Very pretty and feminine, lovely floral notes followed by amber, but quite easily forgettable.
I really wanted to be wowed by Alamut, but whilst it's a lovely and pretty fragrance, it doesn't stand out as unusual enough or special enough to make me want to buy a bottle.
Genre: Woody Oriental
Notes: Osmanthus, rose, jasmine, rosewood, narcissus, tuberose, ylang-ylang, orange blossom, labdanum, amber, musk, amyris, sandalwood, patchouli, benzoin, leather and powdery notes.
Given his penchant for spices, sweet vanilla base notes, and big, assertive olfactory profiles, it’s no wonder some of Lorenzo Villoresi’s most successful works, including Piper Nigrum, Spezie, and Incensi, have been in the oriental genre. Alamut is another oriental, more recent than the rest. Where its predecessors were all very spicy, Alamut is more of a floral-amber composition. The top notes include a boozy amber and a very musty indolic orange blossom, soon bolstered by a very heavy rose and an animalic musk that suggests a civet reconstruction. For the first few minutes of wear it feels both overly potent and crude, but Villoresi’s scents often open clumsily before gaining their footing and their poise.
Alamut does settle down into a less strident floral-oriental arrangement, with patchouli, labdanum, and tropical white flowers alongside the rose, sweet amber, and musk. It’s still busy composition, at once very heavy and opaque. Alamut also suffers from a certain plainness, as if all of those ingredients jostle one another into a non-descript oriental blur. This lack of clarity suggests to me that Alamut would have benefited from editing. The drydown features Villoresi’s signature powdery vanilla base note accord (try Teint de Neige for an undiluted taste), though in Alamut it remains cloaked in heavy amber, benzoin, and patchouli. Loud as it is going on, Alamut fades rapidly – either that or I’m very fast to habituate to it. Normally I’d complain, but in this case I don’t enjoy the scent enough to rue its quick exit. I think Villoresi has done better elsewhere.
Powerful classic chypre, deep, spicy and animalic, soapy and baroque, wich rich floral notes – tuberose, rose, narcissus: an overhelming, sensual, majestic triade. Halfway between the classic Chanel's like Bois des Iles and Cuir de Russie, and the more contemporary Amouage's or other opulent Oriental florals, just less thick and dense, more simple, with a more essential and mediterranean twist. Earthy, mossy and moderately dark base of patchouli and vanilla, with soft musks and a dusty sweet feel. Everything sounds loud and clear, all materials smell high quality and the composition is just perfect to make each of them work at its best – both alone and in the blend. More restrained and discreet than it may seem from the composition: the opening is powerful, but it soon calms down. It becomes a mellow, soapy, floral, dark and elegant leather chypre, with spicy notes. Really well-balanced, refined, pleasant and versatile.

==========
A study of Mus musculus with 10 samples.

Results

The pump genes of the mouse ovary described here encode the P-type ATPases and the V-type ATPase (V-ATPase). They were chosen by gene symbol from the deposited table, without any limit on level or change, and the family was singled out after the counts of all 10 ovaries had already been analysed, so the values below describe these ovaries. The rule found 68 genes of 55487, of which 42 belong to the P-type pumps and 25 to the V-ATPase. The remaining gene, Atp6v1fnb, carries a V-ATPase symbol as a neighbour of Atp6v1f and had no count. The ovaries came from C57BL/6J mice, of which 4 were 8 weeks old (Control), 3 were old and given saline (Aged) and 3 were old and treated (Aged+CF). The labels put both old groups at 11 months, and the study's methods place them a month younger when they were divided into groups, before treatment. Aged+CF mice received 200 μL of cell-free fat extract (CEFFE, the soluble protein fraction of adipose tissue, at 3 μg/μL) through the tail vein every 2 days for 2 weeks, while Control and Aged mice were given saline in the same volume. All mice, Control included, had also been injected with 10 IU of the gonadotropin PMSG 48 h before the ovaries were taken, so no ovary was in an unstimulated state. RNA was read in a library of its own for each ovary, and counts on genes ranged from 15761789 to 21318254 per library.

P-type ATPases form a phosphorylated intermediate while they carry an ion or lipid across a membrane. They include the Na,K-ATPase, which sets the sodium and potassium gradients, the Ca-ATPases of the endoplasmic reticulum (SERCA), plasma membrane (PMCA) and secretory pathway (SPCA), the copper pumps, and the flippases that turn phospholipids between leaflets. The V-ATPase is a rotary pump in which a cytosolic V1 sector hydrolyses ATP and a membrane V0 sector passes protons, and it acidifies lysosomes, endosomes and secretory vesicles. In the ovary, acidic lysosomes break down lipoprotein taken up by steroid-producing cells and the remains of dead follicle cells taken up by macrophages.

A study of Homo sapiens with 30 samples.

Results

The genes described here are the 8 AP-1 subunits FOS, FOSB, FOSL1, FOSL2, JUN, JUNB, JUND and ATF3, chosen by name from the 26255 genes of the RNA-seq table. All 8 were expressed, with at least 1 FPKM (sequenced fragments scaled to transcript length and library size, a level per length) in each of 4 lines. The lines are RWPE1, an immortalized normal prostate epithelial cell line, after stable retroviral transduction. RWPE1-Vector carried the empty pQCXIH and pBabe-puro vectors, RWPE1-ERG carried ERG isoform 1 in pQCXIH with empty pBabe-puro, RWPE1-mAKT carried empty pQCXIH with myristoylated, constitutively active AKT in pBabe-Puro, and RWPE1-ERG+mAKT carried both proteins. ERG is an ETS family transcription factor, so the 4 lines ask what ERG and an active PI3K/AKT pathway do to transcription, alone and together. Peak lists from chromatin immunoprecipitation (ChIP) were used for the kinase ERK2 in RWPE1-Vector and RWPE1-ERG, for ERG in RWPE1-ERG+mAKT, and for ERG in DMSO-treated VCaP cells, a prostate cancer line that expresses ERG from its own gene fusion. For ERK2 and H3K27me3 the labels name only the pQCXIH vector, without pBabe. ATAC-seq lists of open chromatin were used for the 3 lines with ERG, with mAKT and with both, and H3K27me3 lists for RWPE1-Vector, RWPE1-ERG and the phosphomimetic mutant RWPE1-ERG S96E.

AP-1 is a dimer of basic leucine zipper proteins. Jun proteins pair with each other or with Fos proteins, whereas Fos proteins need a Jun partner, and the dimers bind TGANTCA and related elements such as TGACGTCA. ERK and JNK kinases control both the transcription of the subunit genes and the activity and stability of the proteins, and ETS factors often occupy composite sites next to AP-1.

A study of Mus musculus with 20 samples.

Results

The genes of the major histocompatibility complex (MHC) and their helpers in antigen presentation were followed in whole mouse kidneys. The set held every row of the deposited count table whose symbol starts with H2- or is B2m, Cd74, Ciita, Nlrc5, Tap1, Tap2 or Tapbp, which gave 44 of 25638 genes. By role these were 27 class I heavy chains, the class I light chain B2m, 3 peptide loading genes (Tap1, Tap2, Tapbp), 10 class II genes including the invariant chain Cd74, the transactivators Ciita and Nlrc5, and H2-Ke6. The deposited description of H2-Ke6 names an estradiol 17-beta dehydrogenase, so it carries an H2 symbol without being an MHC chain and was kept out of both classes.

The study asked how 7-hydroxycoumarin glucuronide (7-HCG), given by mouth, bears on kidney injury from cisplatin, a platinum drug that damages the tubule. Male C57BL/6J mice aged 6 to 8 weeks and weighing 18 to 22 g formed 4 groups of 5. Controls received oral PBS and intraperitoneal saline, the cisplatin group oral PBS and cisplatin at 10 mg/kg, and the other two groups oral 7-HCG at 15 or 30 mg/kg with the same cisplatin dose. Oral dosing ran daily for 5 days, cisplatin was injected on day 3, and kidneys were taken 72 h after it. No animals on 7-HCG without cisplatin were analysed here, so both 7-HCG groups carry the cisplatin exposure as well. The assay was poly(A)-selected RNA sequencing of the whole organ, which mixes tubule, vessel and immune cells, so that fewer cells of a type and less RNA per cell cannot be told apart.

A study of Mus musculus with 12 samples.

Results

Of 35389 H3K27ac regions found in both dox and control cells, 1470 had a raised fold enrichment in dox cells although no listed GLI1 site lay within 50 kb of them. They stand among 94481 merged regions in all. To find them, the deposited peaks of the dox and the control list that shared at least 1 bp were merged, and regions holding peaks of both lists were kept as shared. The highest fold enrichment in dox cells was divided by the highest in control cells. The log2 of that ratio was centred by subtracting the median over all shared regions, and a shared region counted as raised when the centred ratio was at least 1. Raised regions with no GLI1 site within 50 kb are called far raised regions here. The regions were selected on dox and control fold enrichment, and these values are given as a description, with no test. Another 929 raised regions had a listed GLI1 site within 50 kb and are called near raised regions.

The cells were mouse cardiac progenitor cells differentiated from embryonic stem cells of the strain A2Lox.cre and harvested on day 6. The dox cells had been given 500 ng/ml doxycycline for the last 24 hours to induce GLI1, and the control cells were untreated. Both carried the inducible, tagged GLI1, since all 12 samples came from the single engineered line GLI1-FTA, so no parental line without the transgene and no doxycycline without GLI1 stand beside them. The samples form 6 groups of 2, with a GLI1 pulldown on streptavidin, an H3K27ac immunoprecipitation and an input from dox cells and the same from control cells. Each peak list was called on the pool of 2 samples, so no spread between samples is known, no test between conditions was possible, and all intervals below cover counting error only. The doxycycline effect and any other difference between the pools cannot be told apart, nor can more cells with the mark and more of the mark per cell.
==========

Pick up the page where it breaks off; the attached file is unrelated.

Lush, sophisticated and very feminine powdery-floral with a musky and vanillic soul, a considerable note of rosewood and an animalic-lethery undertone that tames, on the side of the musk, the sweetness of the final talky-creamy atmosphere. The final issue expresses a very floral-orangy wake taking off from a bed of woodsy amber, sandalwood and benzoin-labdanum. The note of patchouli impresses boldness and autority to a juice heavy on rosewood, osmanthus and ylang-ylang. The scent, initially a bit alcoholic, sweet and raw, turns soon in a silky-talky fluid that is a perfect shelter for the suave notes of jasmine and rose. The first hispid-metallic blast is a sort of green-floral bouquet surely glamour but classic and a bit retro with the dreamy delicacy of rose and white flowers and because of the combination of citrus, rose and patchouli. The fruity touch of orange blossom enhances the natural sweetness of this botanic opening. In a few time a sort of ambery boise viscosity starts to envelop the fruity-floral elements and to lead them towards the animalic-powdery base. The final part combines the animalism of musk, leather and sinthetic human notes with the creaminess of vanilla, benzoin and labdanum. Alamut is a great white-powdery, autoritative, feminine concoction from the great italian nose Lorenzo Villoresi. The juice is complex and expresses a long process of evolution, you need time to smell the subtle and elaborate bliss of the final outcome. I find Alamut well balanced and fitted of the right level of natural and resinous sweetness, finally moderated in the dust by the opaque mildness of musk and leather. The wake is a white, bit milky dust of flowers and woodsy elements and is classic, bold and a bit potpourri. A respectful classy scent.
31st July, 2011 (last edited: 11th February, 2013)
I detested this initially when I first encountered it. However, on a cold January day it is more nuanced and alive. As pidgeonmurdered says..mommy's make-up bag. But mommy is a lady in the 50's with a frame purse and white gloves wearing kitten heels. I think the perfume makers chose poorly on the powdery-amber base..it may be a bit too thuggish..and blocking out the song of tiny osmanthus flowers. Delicate? No. It's a 2 X 4 of powder. This would be perfect on the SNOW QUEEN.